Whether the subject is modern warfare or the evolving identity of an old European city, we’ve always believed in the power of sending out photographers and writers to capture the realities on the ground. Look closely and see what you’ll discover, writes editor in chief Andrew Tuck.
For this issue’s Expo (see here) we are in Venice, a city whose good looks, palazzos with secret gardens, Renaissance riches and canal-laced neighbourhoods have seduced generations of visitors. But those good looks come with a big downside: they pull in vast, selfie-stick-swishing hordes who spend little on local businesses and swarm around the most social-media-postable sites. It’s why many believe that Venice is at risk of turning into a theme park – one that its denizens don’t want to spend time in.
But when the pandemic hit, almost overnight, the city was cloaked in a silence unknown for decades; a silence some days punctuated only by church bells, the slap of water from a passing aquatic taxi, a kid kicking a ball in an empty square. The visitors who, as restrictions eased, finally made it back were often entranced by this hushed Venice. Would it be possible, some wondered, to stop the cruise-ship crowds from ever returning? Could the numbers of people allowed to visit the city each day be limited? A few modest controls on cruise ships have been enacted but Venice finds it hard to wean itself off mass tourism. So what will happen?
To catch this fork-in-the canal moment, we dispatched photographer Andrea Pugiotto and writer Laura Rysman to Venice to meet the chefs, craft workers and hoteliers who want to create a different city. Of course, there’s a paradox here: look at Pugiotto’s pictures of a mellow, spring-lit Venice and you’ll want to go. You’ll wish you were there. But there’s also a bigger debate to be had about how Europe sees itself today and how it should offer up its past.
This is a key theme of Dutch author Ilja Leonard Pfeijffer’s best-selling book, Grand Hotel Europa, which is just out in English. It’s a love story and a celebration of his adopted hometown of Genoa but also a novel that looks at how tourism can buckle our cities, with Venice the saddest example. Georgina Godwin interviews Pfeijffer in this issue (see here). But back to Andrea Pugiotto.
Pugiotto is one of a long line of great photographers who have been commissioned for monocle’s Expo assignment, a unique gallery space in the magazine where it’s often the photographer, not the writer, who leads the way. These powerful visual stories form the backbone of our new book The Monocle Book of Photography: Reportage from Places Less Explored. This glorious print outing looks back at the city of Aleppo before much of it was destroyed by the war in Syria; it takes you to meet Greek naval cadets who signed up to represent their country even as a political crisis threatened the nation’s identity; and it also takes you to crazy festivals in Thailand and Switzerland. It’s a celebration of the power of the image and the subtlety and nuance that a photographer can add to a story (to buy a copy, head to monocle.com/shop).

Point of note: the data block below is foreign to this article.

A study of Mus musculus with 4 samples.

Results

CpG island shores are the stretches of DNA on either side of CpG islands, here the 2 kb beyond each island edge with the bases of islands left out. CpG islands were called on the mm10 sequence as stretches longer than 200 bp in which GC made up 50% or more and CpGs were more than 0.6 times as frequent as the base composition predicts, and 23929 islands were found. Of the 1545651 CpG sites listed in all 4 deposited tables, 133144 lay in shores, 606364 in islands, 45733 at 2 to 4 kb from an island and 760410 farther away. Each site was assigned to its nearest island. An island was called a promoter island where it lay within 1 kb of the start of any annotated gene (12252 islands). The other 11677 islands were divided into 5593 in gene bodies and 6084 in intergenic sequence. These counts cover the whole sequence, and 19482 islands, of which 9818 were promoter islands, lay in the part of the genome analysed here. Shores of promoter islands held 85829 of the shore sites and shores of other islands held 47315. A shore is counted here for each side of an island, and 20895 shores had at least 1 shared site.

This issue is also once again shaped by the war in Ukraine. Helsinki correspondent Petri Burtsoff, working with photographer Juho Kuva, gained access to Nato’s Cold Response exercises in Norway (see here). Though planned long before the Russian attack on Ukraine, they took on a renewed significance and symbolism after it. Burtsoff looks beyond the impressive kit to ask some bigger questions about Nato’s role and future.
To get more perspectives on what’s unfolding, we also travelled east. First we went to the Antalya Forum, a diplomatic and policy-wonk gathering, to assess Turkey’s efforts to be an honest broker between the Russians and Ukrainians (see here). Our other trip east was taken by Alexis Self, who headed to Tbilisi to meet young Russians who have sought refuge in the Georgian capital (see here). Their plight, as they all stress, is nothing in comparison to that of Ukrainians; yet it’s another of the endless ripples spreading outwards from this barbaric war.
As always, we also want to look at simple fixes, benchmarks of quality and ideas that are worth adopting. It’s vital that we stay engaged with the world. The Monocle Design Awards (see here) reveal our pick of the 50 best projects and most inspiring people in the design world. Elsewhere we look at the rise of French manga (see here), the future of the newspaper (see here) and how the Dutch are exporting their cycling know-how (see here).
This richness of debate and reporting is something that we like to see happening off the page too. Our Quality of Life Conference for 2022 will be at Le19M, a new craft and innovation centre in Paris that is home to some of Chanel’s finest creative partners. There’s a welcome reception on Thursday 2 June; the main conference day is Friday 3. To find out more, visit monocle.com/conference. And, as ever, thank you for reading monocle. Feel free to write to me at email@example.com.